A survey about Buffalo Public Schools that Mayor Masiello has sent to 18,000 city voters has resulted in 650 responses so far, and some questions about what the mayor hopes to accomplish with the results.
The four-page, 17-question survey began going out Sept. 7. The recipients were the Buffalo residents who had voted in the last three years in general elections and in Buffalo Board of Education elections.
A cover letter from the mayor states that "over the past year, serious questions have been raised with regard to the overall management of our city's public schools. . . . While we know there are many issues that concern our citizens relative to our public schools, we cannot presume to know every concern without your direct input."
The letter asks respondents to return the survey to the mayor's office by Oct. 15. The mayor's office sent a copy of the survey to members of the Buffalo Board of Education but did not consult with the board on its contents.
"One of the issues on the questionnaire," Masiello said, "deals with the public's attitudes toward neighborhood schools, but that's just one aspect. We're at a crossroads to find out what the public's perception is of our schools. I want to complete a data base of information about our city that will help us make decisions to go forward."
One of the questions asks respondents to rate the importance of various factors -- including school location and quality -- in their decisions about school choice. Other questions ask respondents:
For their opinions on the use of the neighborhood school concept for drawing school boundaries.
Whether they think quality neighborhood schools and aggressive neighborhood revitalization would attract more families and stabilize neighborhoods.
Whether they support the use of school assignments to help increase student diversity.
A 5 percent response rate of 900 would be average for such a broad-based survey, said Christopher Spara, marketing research manager at Goldhaber Research Associates Inc. here.
"For something like this, it would probably be higher, because this is a hot topic," Spara said.
The mayor's staff designed the survey, said Eva Hassett, the city commissioner for finance and administration who is also Masiello's special liaison to the Buffalo School District. The mayor's office will share the results with the district, she said.
"Neighborhood schools would be such a huge change in the character of the district," she said. "We want people's feedback at this moment. We'll share our information with anyone."
In July, the mayor issued a call for a return to neighborhood schools and said he expected the School Board to spend the next six months developing a plan to do so. He also expected the board to implement that plan within two or three years. The board is considering the mayor's proposal but does not yet know when or if it will develop a plan.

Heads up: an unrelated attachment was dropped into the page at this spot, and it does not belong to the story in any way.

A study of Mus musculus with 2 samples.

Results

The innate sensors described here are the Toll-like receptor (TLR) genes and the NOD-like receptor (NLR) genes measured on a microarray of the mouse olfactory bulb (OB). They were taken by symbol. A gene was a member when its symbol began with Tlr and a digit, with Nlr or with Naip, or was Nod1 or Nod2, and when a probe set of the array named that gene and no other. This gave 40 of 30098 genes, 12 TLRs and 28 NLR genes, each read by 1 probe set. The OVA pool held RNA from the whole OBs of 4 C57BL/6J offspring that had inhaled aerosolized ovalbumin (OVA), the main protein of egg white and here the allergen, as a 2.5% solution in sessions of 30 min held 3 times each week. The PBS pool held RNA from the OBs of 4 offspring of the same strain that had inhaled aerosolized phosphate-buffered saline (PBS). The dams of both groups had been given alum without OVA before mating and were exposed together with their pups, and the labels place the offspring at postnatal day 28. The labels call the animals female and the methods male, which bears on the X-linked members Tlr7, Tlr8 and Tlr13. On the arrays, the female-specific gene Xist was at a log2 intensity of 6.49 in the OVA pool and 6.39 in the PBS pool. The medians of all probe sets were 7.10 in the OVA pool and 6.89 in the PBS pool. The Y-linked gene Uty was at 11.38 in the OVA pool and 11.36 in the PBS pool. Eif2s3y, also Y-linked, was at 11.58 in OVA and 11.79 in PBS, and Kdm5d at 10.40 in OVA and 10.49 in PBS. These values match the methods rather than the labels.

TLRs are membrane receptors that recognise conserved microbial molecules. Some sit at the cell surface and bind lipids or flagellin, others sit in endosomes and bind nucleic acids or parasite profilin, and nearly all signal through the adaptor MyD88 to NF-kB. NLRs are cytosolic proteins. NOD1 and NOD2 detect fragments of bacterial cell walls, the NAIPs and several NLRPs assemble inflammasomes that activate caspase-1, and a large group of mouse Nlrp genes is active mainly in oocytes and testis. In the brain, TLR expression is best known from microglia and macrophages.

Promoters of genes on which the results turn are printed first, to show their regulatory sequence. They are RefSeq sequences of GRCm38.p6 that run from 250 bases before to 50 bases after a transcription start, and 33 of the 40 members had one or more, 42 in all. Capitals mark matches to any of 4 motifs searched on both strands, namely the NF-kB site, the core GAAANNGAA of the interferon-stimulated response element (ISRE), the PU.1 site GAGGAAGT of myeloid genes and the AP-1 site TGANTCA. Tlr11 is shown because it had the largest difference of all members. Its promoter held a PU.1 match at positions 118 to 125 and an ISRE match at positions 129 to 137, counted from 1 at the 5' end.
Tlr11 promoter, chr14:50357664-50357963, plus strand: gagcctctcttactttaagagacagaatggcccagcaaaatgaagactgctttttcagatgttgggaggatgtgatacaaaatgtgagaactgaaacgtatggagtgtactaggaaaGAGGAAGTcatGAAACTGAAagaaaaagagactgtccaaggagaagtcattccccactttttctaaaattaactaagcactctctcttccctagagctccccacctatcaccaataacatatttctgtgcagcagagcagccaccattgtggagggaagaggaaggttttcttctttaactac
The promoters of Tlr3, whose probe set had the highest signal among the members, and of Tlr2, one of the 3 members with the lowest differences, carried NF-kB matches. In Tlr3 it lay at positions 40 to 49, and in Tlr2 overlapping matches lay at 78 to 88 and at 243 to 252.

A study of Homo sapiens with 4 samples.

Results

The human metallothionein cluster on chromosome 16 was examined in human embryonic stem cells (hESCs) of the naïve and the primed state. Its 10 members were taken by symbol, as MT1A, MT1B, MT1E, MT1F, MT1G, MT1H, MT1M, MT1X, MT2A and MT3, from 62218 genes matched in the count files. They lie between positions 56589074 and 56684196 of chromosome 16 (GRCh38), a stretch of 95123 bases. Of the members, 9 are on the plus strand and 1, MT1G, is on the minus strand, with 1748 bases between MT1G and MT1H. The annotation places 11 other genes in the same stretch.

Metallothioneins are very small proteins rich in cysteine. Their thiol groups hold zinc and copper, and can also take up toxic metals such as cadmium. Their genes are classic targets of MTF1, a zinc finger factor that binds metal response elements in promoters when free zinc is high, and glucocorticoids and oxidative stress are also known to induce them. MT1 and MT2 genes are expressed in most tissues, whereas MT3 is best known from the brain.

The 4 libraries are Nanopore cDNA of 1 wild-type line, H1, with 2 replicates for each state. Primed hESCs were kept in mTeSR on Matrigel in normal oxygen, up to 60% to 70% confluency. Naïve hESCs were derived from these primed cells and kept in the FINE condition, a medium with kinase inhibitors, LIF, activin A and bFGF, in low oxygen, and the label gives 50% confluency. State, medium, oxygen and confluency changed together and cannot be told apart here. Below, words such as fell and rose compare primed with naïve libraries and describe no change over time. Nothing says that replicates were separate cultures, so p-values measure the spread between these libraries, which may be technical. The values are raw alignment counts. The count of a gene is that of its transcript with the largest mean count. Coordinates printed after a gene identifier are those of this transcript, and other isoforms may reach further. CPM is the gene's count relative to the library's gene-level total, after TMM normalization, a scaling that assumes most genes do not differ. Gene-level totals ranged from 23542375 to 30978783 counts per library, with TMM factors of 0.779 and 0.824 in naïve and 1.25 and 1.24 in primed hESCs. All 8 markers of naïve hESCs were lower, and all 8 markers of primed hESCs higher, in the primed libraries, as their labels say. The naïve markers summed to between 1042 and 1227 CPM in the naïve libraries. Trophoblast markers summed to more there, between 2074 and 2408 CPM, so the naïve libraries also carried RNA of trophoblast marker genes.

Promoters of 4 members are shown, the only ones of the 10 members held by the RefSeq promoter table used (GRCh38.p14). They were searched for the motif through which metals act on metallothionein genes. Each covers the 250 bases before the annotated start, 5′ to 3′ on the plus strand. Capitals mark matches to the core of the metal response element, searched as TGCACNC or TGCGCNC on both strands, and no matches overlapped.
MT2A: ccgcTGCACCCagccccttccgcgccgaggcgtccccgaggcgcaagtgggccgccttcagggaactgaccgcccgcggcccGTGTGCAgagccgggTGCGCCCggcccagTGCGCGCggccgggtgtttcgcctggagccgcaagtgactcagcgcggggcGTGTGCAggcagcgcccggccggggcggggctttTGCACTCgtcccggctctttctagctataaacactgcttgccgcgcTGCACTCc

The board's Program Committee -- which deals with instruction and curriculum -- met Tuesday to talk about neighborhood schools. Out of that meeting came the realization that the board and the city need better data on the makeup of the schools and the city's demographics before they can proceed, board President Paul Buchanan said.
Marion Canedo, the newly appointed associate superintendent for instruction, is now compiling information on school populations, how many children walk or ride buses, and other subjects.
The committee will also recommend to the board Wednesday that a panel of community leaders, parents and educators be created to address school choice, including neighborhood schools.
East District Board Member Marlies A. Wesolowski, who heads the committee, said after reviewing the survey her main concern "is we have to be very careful about how we engage the public in this discussion. Just talking about neighborhood schools in some districts without putting them in context could be very divisive."
For some, Ms. Wesolowski said, the appeal of a neighborhood school "has nothing to do with the quality of the program. It has more to do with race."
Jan Peters, the Central District School Board representative, questioned Masiello's motives in view of what she termed his simplistic call for neighborhood schools.
"I think the focus of the survey is clear," Ms. Peters said. "He's looking for his support for his concept of neighborhood schools without identifying what that concept is. He's trading on that assumption that everyone knows what a neighborhood school is because it hearkens back to the days when he was a boy."
Two activist parents also expressed doubt about how effective the survey would be.
"I had mixed feelings about sending it back in because it does seem to be something that will feed his (Masiello's) agenda," said Barbara Rowe. If the district wants to better respond to parents on school choice, it could start by improving the way it deals with parents trying to get information about magnet schools and other programs, Ms. Rowe said.
Lloyd J. Hargrave, who has served on a number of district committees, said he was unimpressed because many of the questions were too vague.
"How do you measure the 'quality of education'?" Hargrave asked, referring to one of the factors parents were asked to rank. "All most parents know about is what affects them and their children. I guess my biggest question is, to what end is the survey, and what are we going to do with it? If the purpose of the survey is to gauge the superintendent and the School Board, say so."